Student film festival celebrates 10 years

By Rebekah Otey
Staff Writer

Union’s student Film Festival will celebrate its 10th anniversary April 5, 6, 8 and 9, giving student film makers an avenue to display their work on campus.

The festival, whose first three nights will take place in W.D. Powell Theater in the Penick Academic Complex, opened in 2003 with eight submissions.

The last night’s events will be held in Barefoots Joe.

“I wanted to do the film festival here because it’s a fun yet competitive way to improve one’s film making prowess and team up against other students and organizations,” said senior media communications major Aaron Rowland. “It gives you a measure other than class work in which to evaluate how you want to improve.”

Typically, 15 judges are responsible for choosing winners based on certain criteria.

“A lot of judges are previous winners. Most of them are alumni,” said Cam Tracy, web development agent in University Communications, adviser to the Digital Media Studies Society.

He is co-director of the festival with Chris Blair, professor of communication arts and coordinator of digital media studies.

“They are from all over the U.S,” Tracy said.

While some judges are able to attend the festival, much of the judging is done online. The films are sent to the judges, who watch them and send their vote in.

“One of the hardest parts of film making is determining whether or not an idea will work,” said senior media communications major Ben Haws. “If you don’t have a solid idea, your film will founder.”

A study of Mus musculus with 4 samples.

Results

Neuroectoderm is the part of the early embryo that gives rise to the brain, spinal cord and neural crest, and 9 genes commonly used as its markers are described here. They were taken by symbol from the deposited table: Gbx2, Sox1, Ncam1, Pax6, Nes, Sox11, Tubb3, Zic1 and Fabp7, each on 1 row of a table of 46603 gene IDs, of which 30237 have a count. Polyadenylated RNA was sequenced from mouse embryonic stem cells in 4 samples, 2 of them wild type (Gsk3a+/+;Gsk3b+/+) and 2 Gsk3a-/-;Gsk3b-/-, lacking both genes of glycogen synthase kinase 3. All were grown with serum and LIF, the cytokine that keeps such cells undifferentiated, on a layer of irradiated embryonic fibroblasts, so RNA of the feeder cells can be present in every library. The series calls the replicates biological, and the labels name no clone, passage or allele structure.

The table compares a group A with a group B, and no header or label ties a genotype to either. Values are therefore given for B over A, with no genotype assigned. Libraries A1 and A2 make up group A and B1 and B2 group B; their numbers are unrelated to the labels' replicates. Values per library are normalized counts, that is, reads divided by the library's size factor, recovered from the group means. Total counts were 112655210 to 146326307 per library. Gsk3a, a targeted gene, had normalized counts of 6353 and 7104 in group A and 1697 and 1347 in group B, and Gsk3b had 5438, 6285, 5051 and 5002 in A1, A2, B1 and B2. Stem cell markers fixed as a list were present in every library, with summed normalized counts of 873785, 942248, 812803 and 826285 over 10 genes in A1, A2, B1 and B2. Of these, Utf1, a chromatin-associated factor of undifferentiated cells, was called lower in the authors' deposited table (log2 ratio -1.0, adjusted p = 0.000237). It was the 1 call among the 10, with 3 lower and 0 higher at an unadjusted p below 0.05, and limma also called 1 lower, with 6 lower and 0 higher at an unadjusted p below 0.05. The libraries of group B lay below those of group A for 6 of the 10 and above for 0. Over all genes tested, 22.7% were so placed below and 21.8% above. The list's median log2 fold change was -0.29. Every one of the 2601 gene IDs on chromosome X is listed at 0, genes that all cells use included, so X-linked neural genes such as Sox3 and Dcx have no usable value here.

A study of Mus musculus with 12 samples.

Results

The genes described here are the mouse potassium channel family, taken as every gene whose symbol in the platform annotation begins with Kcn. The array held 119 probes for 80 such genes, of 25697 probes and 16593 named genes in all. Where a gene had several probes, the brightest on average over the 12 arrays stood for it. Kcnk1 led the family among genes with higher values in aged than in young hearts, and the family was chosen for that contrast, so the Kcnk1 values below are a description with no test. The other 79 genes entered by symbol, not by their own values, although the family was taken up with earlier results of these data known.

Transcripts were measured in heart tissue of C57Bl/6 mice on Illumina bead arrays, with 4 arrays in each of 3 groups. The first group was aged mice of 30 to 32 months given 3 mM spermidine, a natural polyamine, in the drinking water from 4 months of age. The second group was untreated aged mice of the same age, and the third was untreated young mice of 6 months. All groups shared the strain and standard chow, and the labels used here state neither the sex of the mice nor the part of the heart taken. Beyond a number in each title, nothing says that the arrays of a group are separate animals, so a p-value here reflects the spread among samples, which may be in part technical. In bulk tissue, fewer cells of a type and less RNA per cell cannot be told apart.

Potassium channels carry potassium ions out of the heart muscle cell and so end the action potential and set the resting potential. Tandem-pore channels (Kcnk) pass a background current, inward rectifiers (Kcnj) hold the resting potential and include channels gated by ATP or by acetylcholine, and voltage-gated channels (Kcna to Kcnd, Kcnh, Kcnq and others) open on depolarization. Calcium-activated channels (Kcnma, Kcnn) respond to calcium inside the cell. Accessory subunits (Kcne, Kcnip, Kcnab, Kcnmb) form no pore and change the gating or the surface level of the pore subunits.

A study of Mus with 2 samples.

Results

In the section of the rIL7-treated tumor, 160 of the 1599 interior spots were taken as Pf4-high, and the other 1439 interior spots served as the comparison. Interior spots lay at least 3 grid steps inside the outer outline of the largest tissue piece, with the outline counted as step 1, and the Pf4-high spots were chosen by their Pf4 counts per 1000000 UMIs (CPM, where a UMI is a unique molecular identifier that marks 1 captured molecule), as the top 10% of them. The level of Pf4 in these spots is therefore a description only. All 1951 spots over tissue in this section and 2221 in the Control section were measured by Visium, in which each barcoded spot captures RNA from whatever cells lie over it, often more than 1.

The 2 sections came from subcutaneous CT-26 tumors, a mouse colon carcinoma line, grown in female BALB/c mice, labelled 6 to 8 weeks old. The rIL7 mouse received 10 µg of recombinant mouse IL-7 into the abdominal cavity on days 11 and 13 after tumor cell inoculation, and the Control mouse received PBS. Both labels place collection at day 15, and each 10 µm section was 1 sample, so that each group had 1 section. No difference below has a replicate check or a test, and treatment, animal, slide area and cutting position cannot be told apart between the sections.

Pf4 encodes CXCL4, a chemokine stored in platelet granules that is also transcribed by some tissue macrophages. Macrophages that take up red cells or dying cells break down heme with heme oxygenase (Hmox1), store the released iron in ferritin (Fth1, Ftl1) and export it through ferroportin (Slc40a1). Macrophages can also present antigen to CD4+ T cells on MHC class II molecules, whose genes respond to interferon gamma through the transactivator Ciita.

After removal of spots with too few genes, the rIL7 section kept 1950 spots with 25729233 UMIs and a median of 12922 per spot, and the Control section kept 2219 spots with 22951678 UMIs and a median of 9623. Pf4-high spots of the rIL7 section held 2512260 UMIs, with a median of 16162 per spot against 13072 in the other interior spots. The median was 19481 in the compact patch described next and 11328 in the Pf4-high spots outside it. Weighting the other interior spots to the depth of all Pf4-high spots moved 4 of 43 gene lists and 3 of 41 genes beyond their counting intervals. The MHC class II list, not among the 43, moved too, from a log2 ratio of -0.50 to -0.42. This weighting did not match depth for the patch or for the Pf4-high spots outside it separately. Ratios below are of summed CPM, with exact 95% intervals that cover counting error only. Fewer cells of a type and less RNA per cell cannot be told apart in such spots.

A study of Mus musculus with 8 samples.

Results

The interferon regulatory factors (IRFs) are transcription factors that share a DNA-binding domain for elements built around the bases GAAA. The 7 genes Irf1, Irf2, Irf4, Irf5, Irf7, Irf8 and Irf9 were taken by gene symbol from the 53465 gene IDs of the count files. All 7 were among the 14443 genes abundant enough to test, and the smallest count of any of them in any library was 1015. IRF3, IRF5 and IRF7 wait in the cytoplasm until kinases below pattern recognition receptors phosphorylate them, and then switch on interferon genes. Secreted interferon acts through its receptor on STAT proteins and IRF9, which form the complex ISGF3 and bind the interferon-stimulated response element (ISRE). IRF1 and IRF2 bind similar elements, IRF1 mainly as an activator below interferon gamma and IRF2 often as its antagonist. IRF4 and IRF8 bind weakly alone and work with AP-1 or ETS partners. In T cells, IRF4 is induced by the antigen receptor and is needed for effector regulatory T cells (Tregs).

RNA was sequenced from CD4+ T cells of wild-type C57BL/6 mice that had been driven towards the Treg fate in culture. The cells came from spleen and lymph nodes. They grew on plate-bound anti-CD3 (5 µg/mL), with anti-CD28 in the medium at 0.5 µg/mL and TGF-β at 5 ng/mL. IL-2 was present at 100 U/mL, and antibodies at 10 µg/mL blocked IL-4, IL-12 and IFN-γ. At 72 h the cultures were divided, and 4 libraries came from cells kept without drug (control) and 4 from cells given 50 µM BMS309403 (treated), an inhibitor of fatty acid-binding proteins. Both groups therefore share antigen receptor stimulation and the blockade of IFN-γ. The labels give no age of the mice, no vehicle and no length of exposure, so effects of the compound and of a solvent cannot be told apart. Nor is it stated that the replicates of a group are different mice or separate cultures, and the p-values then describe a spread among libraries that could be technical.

Normally, the festival lasts just two days, but in honor of the anniversary, organizers added some special features for Friday and Saturday nights, including asking alumni to share some of their award-winning work from the festival’s first nine years.

Those events will take place from 6 to 10 p.m. April 5 and from 1 to 5 p.m. April 6 and again that day starting at 6 p.m. in W.D. Powell Theatre.

On April 6, some alumni will speak, and the audience will get to see some of their current film work.

Those who attend will see “Enough,” a film that garnered the SAC-sponsored Student’s Choice Award along with “best long form film” in 2011.

On April 8, the audience also will have the privilege of hearing from directors Tracy and Blair. Those who attend April 9’s event from 7:30 to 9 p.m. can view all of this year’s film submissions, followed by the awards ceremony.

“There is no feeling like seeing a creative project start as a rough idea, go through the filming process and then see it projected on a large screen and to hear the response of the audience,” Haws said.